George Van Parys

Mar 1, 2000
RO Number

(NOTICE: Maintenance-free batteries are not recommended for use with these systems!)

NOTE: DVA stands for Digital Voltage Adaptor, I.E. Peak Reading Voltmeter

1. Check the flywheel for cracked and loose magnets. Be sure the magnets are secure.

2. Disconnect the kill wire(s) from the pack and connect a DC voltmeter between the kill wires and engine ground. Turn the ignition switch on and off several times. If, at any time, you see DC voltage appearing on the meter, there is a problem in the harness or ignition switch. NOTE: At no time should you see battery voltage on any kill wires.

3. Visually inspect stator for cracks or leaks: If found, replace the stator. Burnt marks or discolored areas on the battery charge windings indicate a possible problem with the rectifier.

4. Unit will not fire: Disconnect kill wire AT THE PACK. Check for broken or bare wires on the unit, stator and timer base. Measure DVA voltage of the stator with everything connected. Readings should be approximately 150 volts or more. On standard CD types, check DVA voltage on the timer base white wire, Voltage should be approximately 150 volts or more (Quick start units usually have the white wire tied to ground inside the pack). If reading is good on the stator but low on the white wire, the timer base is usually bad. Disconnect the rectifier. If the engine fires, replace the rectifier.

5. '88-'96 V6 and V8 Quick start timer bases: Disconnect the timer base. Using the Fluke meter set to ohms scale, and one of the piercing probes, connect the red lead from the meter to the white wire in the Amphenol connector from the timer base. Use the black lead from the meter and check to all of the pastel colored wires in both connectors from the timer base. All of the readings should be fairly even, normally between 1 and 2 meg ohms measured with the Fluke meter. With the red lead still connected to the white wire, connect the black meter lead to the black/white wire in the opposite connector from the timer base. You should read approximately 220 ohms (440 ohms on the GT 150/175). It one of more cylinders are out of line, (i.e. all the rest are reading 1.2 - 1.8 meg ohms and one reads 0.898 or 2.2 meg ohms) the timer base is usually bad.

6. '92-96 Looper units with optical triggers: DVA check the stator, each set of brown wires should read at least 150V (950-1050 ohms) and 12 volts between the two orange wires from the power coil (50 ohms). Note these units require special spark plugs and the GRAY spark plug wires, If the pack only fires when you remove the plug connector containing the kill wires, use a jumper wire to connect the kill wires in the pack. If the pack still fires, there is a problem in the harness, safety circuit or ignition switch. A no fire situation with the jumper in place indicates a bad pack.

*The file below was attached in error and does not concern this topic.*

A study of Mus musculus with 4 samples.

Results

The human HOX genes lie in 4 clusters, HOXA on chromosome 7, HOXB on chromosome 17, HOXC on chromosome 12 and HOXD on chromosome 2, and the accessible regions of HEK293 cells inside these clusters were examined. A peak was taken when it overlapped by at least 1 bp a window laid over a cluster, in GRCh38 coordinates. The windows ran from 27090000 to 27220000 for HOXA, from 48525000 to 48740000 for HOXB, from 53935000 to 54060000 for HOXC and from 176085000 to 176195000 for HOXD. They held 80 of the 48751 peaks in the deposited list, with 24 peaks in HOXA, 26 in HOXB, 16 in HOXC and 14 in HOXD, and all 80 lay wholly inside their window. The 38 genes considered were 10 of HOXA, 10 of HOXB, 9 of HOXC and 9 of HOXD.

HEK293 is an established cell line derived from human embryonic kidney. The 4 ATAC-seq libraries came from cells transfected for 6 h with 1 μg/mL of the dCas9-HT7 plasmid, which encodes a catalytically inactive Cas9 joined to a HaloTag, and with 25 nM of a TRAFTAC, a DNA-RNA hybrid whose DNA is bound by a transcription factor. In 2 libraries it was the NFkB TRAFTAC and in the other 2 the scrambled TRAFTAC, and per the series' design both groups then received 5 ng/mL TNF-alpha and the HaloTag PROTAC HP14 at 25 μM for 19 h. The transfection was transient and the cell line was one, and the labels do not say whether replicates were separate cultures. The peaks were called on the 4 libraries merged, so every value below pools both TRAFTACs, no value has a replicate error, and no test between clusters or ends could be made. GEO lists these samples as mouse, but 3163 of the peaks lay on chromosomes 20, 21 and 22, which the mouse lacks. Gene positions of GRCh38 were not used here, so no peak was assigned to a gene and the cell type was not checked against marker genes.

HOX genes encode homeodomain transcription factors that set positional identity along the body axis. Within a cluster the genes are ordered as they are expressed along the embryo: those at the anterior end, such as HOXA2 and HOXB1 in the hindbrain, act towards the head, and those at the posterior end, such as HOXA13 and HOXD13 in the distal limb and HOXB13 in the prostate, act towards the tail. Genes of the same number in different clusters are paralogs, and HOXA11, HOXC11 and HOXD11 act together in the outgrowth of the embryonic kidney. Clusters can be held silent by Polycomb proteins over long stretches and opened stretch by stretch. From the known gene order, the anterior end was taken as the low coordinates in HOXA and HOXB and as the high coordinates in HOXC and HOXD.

7. '89.'95 4 cylinder Looper units: If the engine misses on one cylinder with the white/black temperature wire hooked up and does not with it unhooked, this is usually the timer base causing the problem.

8. For PP4 units: Cylinder 1 & 3 or 2 & 4 will not fire: Check timer base resistance between 1-3 and 2-4. Reading should read 10-20 ohms on each. Check air gap on sensor coils. If re-gaping is needed use Rapair R97-2 Sensor Gap Gauge.

9. Engine will not kill: Remove the black/yellow kill wire from the rubber connector to see if the pin is broken. Check kill circuit in the pack by using a jumper wire connected to the black/yellow wire coming out of the pack and shorting it to ground. If this kills the engine, the kill circuit in the harness or boat is bad, or the ignition switch is bad.

10. Coils fire with spark plugs out but not in: Check for dragging starter or low battery causing slow cranking speed DVA test stator and timer base

11. Engine runs rough on one bank (4 & 6 cylinder engines with CD ignitions): DVA check stator voltage to both sides. The readings should be fairly equal. If it exceeds 400 volts, replace the pack on that bank. If unequal, swap banks with stator leads and see if the problem moves with the stator leads. If it does, replace the stator, Disconnect one of the black/yellow kill wires, AT THE PACK, If the problem is eliminated, replace the pack that was running smooth as it probably has a bad blocking diode.

12. Intermittent firing on one or more cylinders: Low voltage from the stator or a bad timer base. Disconnect rectifier and retest. If the problem disappears, replace the rectifier.

13) Check for broken wires and terminals: Especially check inside the rubber Amphenol plug-in connectors. We recommend that you remove the pins from the connectors and visually inspect them.